Rattlesnake Vaccine for Dogs Now Available

June 4, 2019
Rattlesnake Vaccine for Dogs Now Available

Animal Clinic of Woodruff is now carrying the Crotalus Atrox Toxoid (or rattlesnake vaccine for dogs) from Red Rock Biologics. Read below to see if you should consider getting this potentially life-saving vaccine for your dog.


The Cortalus Atrox Toxoid, or “rattlesnake vaccine,” provides dogs with protection against and reduces the symptoms associated with rattlesnake bites. Importantly, though, it does not mean veterinary care is not required. Rattlesnake bites are extremely serious, and dogs can easily die from them, so you should always see a veterinarian immediately if your dog gets or you suspect a venomous snake bit. The vaccine works by helping to defend dogs against some of the dangerous effects of a rattlesnake bite, meaning it gives you more time and better odds of your dog fully recovering.

Does my dog need the rattlesnake vaccine?

We call Cortalus Atrox Toxoid a “lifestyle vaccine” because not every dog needs it, only those with certain lifestyles, access and temperaments. Outdoor, sporting breeds who wander far off trails would be good candidates. Also, we recommend the vaccine to any dogs that travel to areas with known rattlesnake populations (read more on this below).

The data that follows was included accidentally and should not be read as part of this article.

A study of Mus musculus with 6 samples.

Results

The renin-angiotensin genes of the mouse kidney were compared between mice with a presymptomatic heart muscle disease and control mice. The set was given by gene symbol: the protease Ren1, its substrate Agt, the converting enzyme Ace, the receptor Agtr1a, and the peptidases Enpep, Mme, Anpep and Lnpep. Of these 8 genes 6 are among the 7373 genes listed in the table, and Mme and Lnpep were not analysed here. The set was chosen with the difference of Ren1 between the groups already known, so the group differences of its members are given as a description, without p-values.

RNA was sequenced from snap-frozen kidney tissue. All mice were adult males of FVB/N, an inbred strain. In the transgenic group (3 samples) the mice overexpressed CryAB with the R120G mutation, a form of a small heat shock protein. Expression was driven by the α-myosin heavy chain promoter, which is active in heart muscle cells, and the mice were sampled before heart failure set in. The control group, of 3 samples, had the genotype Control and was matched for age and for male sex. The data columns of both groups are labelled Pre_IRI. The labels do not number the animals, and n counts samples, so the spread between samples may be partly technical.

The vaccine provides protection against bites from all rattlesnake species, with the exception of the Eastern Diamondback. It also provides cross protection against copperhead bites, which may make more people interested in this vaccine, as copperheads are way more common for dog bites in Upstate South Carolina.

Unfortunately, the vaccine offers no protection against Coral, Cottonmouth or Eastern Diamondback bites (but luckily none of these are found in Upstate S.C.).

Where is my dog most at risk for snake bites?

The Eastern Diamondback, Timber and Pigmy rattlesnakes are all found in South Carolina. The Timber and Pigmy’s habitat extends across the entire state, while the Eastern Diamondback is confined to the Lowcountry (at least for now). Find more information about the location of South Carolina’s venomous snakes at this DNR page.

I want to protect my dog from snake bites. What do I do now?

The best way to protect your dog is to make an appointment at Animal Clinic of Woodruff to see a doctor and ensure your dog is a good candidate for the vaccine. You should also always make smart choices about going outdoors with your dog, such as staying on trails; not letting your dog explore holes, cervices, or areas where snakes tend to be; and carrying the phone number of a vet and an emergency vet with you at all times.